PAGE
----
Park West Gallery Emphasizes the Importance of Art Education in Schools


Students at Barton Elementary show off their student portraits. (Photo courtesy of Doug de Forest)

SOUTHFIELD, Mich. June 13, 2016 – Park West Gallery believes in the importance of art. Art has always been a medium for people to channel their creativity. It’s a form of expression, and those who enjoy it love to create.  For years, art was an essential part of almost every American school district.

2001’s No Child Left Behind Act categorized the arts as a core academic subject. The act’s increased emphasis on test scores, however, gave way to more focus on technical subjects in schools instead of art classes. Unfortunately, this may actually be more hurtful than helpful. A study of Missouri public schools found that schools with a greater art education presence generally exhibited better standardized test scores.

Don’t believe art education matters? Take a look at the data from schools in the Turnaround Arts program. Between 2011 and 2014, participating schools have experienced a 22.5 percent and 12.6 percent improvement in math and reading proficiency.

Beyond test scores, it’s difficult to quantify the importance of art. A Rand Corporation report stated that art can be used as a creative outlet and connects students to the world. Reportedly, art programs in schools give underprivileged students better experiences to help prepare for adulthood.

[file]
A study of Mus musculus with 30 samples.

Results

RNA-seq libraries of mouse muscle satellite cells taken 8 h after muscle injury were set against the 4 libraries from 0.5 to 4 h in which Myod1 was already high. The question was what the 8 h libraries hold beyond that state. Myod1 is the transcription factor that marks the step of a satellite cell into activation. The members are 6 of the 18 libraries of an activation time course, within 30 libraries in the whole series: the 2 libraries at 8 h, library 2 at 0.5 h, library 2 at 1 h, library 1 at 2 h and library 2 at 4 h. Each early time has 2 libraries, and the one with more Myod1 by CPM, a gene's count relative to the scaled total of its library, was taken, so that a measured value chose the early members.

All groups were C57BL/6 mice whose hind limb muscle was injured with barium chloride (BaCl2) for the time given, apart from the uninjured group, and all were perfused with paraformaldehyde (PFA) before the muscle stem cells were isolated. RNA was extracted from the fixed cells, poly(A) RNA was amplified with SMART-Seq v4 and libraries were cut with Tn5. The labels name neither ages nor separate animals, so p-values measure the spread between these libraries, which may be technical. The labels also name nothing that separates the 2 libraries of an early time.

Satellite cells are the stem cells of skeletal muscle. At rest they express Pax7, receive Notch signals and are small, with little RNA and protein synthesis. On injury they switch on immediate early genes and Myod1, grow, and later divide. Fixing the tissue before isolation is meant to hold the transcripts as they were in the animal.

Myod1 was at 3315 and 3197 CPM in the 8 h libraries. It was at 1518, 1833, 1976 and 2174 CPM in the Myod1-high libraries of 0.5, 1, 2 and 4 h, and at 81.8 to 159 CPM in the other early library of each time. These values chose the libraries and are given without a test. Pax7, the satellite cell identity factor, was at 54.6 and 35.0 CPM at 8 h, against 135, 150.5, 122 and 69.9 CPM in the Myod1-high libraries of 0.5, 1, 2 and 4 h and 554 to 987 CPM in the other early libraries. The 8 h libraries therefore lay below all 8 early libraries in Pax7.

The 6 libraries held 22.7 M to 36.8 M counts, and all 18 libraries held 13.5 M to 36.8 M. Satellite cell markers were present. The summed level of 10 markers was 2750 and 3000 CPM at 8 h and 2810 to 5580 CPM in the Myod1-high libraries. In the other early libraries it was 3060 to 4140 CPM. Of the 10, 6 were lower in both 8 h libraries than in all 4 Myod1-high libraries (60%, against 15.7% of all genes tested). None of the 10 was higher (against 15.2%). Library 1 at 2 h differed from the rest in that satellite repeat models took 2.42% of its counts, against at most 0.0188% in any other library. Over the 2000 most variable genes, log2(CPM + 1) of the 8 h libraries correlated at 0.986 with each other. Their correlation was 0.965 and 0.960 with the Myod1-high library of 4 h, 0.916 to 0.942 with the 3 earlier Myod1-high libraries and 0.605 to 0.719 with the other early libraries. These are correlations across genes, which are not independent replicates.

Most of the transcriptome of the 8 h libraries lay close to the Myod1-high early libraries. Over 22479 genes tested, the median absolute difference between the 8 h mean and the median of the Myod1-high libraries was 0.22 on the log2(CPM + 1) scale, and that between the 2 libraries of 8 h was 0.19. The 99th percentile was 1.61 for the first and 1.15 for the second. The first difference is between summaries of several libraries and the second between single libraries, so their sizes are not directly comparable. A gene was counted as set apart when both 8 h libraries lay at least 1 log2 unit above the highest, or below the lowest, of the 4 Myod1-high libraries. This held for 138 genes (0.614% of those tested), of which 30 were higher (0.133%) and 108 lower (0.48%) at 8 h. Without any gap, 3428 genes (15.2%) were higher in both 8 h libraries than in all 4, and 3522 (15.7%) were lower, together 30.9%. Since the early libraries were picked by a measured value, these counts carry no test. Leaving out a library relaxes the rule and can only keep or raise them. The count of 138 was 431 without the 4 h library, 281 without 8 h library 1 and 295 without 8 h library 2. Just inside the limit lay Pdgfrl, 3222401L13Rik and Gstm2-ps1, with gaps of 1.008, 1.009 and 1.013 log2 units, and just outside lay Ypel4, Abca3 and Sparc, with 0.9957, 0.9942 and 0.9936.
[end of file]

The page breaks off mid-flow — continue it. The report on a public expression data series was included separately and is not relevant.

Studies like this are why the Park West Foundation works to bring back art education. In February 2016, Park West artist Autumn de Forest worked with Turnaround Arts, a program that brings art education into low-performing schools to improve overall educational standing, to teach a class at Barton Elementary in San Bernardino, California. Park West Foundation provided the supplies and Autumn taught the kids how to paint self-portraits.

In an article by T Brand Studio of the New York Times, Park West CEO Albert Scaglione discussed the importance of his foundation.

“The idea that I could have this life where I still have the opportunity to work with the artists, educate, bring art to the public,” he said. “I’m thrilled about that.”

 

About Park West Gallery:

Founded in 1969, Park West Gallery has connected artists to more than 1.8 million fine art collectors through cruise ship art auctions and via its public art gallery in Michigan. Park West Gallery creates an entertaining, education and welcoming environment that ignites a passion for the arts and offers an incomparable collecting experience.